I began enjoying The ‘Burbs even before the movie began. From the famous Universal Pictures logo, the Earth spinning in space, the camera abruptly moves toward the globe, swoops through the atmosphere, and glides down toward a small suburban street in Anytown, Ohio.
This kind of playful visual joke is typical of director Joe Dante, who continually recreates the world as his own version of a Road Runner cartoon. Dante, a film freak whose funhouse movies include Gremlins and Innerspace, can generally be counted on to provide a good time. The ‘Burbs is certainly that.
Tom Hanks, fresh from his double-barreled success last year with Big and Punchline, plays a mild-mannered chap who lives with his wife (Carrie Fisher) and son in a quiet suburban home. Hanks is taking a week off from work, but he isn’t going anywhere; he insists he just wants to bang around the house and putter.
But you know what they say about idle hands. Hanks’ attention is caught by the new next-door neighbors. Nobody ever sees the Klopeks around, but their house has been emitting weird noises at night. Someone suggests they’re “nocturnal feeders.” As Hanks’ gung-ho neighbor (Bruce Dern) puts it, “In Southeast Asia, we’d call this kind of thing bad karma.”
Then, another neighbor vanishes, leaving behind only a toupee. Suddenly, Hanks and friends are convinced that the missing man: was made victim in a human sacrifice, and that the Klopeks are probably devil worshipers, and possibly worse. “Great,” Hanks’ wife says, “a week in Jonestown.”
So Hanks, Dern, and another nosy neighbor (Rick Ducommun) determine to find the truth about the Klopeks. (Like Ozzie Nelson, no one ever seems to work for a living here.) This they do, in an escalating series of mishaps.
Dante shot the film on the Universal backlot (same placid street as the Beaver Cleaver and Munsters houses), and he whips everything up with his customary glee. The colors are as bright as golf clothes, the music is constant and oversized, the ensemble cast is littered with oddballs (Gale Gordon from I Love Lucy, B-movie icon Dick Miller, and, as the Klopek brothers, Henry Gibson and New York conceptual comic Brother Theodore).
One night Hanks has a bad dream, and he envisions himself trapped in perhaps the ultimate suburban nightmare: He’s been strapped to a huge backyard barbecue, the coals glowing red beneath him. It’s a sight as wild as anything in Ken Russell’s mad imagining. But much more cheerful.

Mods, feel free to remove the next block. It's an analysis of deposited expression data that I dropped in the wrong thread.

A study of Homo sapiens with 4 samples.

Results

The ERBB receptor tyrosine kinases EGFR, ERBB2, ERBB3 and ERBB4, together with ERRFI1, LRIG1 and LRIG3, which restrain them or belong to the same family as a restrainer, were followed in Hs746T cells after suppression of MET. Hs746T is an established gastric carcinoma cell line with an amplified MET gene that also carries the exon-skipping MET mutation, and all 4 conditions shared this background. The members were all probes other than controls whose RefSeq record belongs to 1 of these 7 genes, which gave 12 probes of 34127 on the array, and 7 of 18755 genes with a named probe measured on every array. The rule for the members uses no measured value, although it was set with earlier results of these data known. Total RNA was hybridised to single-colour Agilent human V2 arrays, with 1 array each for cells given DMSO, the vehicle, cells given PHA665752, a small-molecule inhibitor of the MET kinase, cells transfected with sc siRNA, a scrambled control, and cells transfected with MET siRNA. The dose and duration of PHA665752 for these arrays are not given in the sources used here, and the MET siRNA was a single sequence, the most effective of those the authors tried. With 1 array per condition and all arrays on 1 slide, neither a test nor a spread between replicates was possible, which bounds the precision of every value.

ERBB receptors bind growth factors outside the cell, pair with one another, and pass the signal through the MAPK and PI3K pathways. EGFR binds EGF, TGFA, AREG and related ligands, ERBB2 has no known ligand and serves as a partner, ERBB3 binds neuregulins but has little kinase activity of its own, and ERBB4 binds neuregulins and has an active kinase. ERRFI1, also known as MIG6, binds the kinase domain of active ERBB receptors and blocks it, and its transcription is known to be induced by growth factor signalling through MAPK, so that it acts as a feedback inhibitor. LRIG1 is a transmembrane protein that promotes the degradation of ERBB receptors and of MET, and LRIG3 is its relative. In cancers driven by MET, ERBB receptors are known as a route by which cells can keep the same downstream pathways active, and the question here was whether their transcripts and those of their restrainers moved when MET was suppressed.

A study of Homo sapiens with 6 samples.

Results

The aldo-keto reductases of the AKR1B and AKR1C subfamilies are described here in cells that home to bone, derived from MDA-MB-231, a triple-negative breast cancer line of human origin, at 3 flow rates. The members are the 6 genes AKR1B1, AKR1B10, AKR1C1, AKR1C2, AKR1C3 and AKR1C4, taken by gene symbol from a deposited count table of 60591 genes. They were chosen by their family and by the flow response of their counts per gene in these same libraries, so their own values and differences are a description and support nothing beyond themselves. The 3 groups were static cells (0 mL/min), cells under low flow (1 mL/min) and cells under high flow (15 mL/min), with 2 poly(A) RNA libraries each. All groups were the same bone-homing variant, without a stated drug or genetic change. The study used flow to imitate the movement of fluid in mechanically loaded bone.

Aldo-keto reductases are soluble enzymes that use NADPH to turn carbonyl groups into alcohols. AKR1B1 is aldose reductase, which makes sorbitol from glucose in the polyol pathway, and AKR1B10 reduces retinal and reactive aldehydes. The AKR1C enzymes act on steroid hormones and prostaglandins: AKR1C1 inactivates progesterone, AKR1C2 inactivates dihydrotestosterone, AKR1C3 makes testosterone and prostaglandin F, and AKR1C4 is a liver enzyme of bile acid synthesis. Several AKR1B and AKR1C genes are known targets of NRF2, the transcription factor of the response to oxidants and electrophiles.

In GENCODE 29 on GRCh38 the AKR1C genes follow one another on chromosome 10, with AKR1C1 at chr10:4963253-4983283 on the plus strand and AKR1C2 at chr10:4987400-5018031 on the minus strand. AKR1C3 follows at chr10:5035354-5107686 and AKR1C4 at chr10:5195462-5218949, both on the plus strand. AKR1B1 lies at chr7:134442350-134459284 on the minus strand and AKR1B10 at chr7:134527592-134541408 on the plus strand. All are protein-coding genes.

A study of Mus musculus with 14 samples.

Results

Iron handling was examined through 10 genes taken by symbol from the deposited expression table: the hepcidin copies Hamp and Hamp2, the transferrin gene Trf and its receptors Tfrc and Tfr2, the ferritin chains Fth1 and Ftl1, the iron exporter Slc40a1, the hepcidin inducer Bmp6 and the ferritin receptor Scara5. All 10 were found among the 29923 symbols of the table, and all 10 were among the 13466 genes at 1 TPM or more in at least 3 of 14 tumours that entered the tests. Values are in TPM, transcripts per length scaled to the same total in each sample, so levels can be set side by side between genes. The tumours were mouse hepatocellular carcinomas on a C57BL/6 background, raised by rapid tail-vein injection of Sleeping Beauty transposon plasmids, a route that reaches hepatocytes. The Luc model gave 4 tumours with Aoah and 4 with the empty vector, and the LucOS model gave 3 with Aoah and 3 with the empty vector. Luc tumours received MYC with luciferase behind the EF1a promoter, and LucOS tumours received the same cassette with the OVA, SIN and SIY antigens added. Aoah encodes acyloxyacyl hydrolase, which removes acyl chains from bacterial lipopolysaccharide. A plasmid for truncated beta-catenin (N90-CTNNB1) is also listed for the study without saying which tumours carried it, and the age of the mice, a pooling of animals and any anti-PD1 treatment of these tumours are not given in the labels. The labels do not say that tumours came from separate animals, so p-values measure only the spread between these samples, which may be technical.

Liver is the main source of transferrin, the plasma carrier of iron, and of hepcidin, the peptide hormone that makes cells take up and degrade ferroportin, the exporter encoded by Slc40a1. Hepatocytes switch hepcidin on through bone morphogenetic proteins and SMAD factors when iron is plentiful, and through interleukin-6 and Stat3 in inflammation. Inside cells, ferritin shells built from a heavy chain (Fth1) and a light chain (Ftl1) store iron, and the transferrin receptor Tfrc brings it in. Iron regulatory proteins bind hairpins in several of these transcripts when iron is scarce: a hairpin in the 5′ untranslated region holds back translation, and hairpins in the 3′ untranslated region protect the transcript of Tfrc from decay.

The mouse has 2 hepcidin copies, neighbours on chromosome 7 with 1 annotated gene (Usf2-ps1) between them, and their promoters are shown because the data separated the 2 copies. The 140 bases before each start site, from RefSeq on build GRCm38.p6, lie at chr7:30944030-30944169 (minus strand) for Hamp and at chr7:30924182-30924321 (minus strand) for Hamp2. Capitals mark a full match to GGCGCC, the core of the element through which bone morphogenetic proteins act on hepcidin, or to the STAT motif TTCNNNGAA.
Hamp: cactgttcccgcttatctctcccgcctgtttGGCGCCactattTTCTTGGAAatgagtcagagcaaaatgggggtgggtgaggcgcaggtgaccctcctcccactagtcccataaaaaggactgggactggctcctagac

Rick Ducommun, who plays Tom Hanks’ sidekick in the film, passed through town recently to promote the movie. He’s a stand up comic who regularly worked Seattle clubs during a stay here from 1982 to 1985. If you saw him then, you might not recognize him now; he’s lost more than 200 pounds in the last two years (at his biggest, he says, “They weighed me on a freight scale and it was like ringin’ the bell at the fair … DING!”).
For a virtually unknown actor, Ducommun’s sizable role as the local busybody represents a plum. “I figured, I stand a better chance of winnin’ the lottery than bagging this role,” he muses. “It’s a huge picture and who am I? Universal and Imagine [Ron Howard’s production company] did not want me. I’m sure they would much rather have gotten John Candy, or someone anybody had heard of. But they were all very gracious after the movie started.”
The Saskatchewan native has a couple of other movies due soon: Little Monsters, in which he plays the leader of monsters who hide under beds, and The Experts, a John Travolta comedy that may be released only on video. “I was beat up my whole life for trying to get laughs,” he says. “Someone was always sendin’ me to my room, sendin’ me to detention. Now I’ve discovered they’ll pay me and let me do what I want.” And he shakes his head.
First published in The Herald, February 1989
I watched this again a year ago, for the first time since it came out, and it is a really enjoyable, extremely silly film. It was Ducommun’s great movie moment, in a role so big it seems certain it was meant for John Candy or something. (Plus: Brother Theodore! Henry Gibson! and Dern is really funny in this “Whoa – ’bout a nine on the tension scale, Reub” – moment YouTubed here). In the interview, Ducommon was engaging and hyper, chugging bottled water. He died in 2015.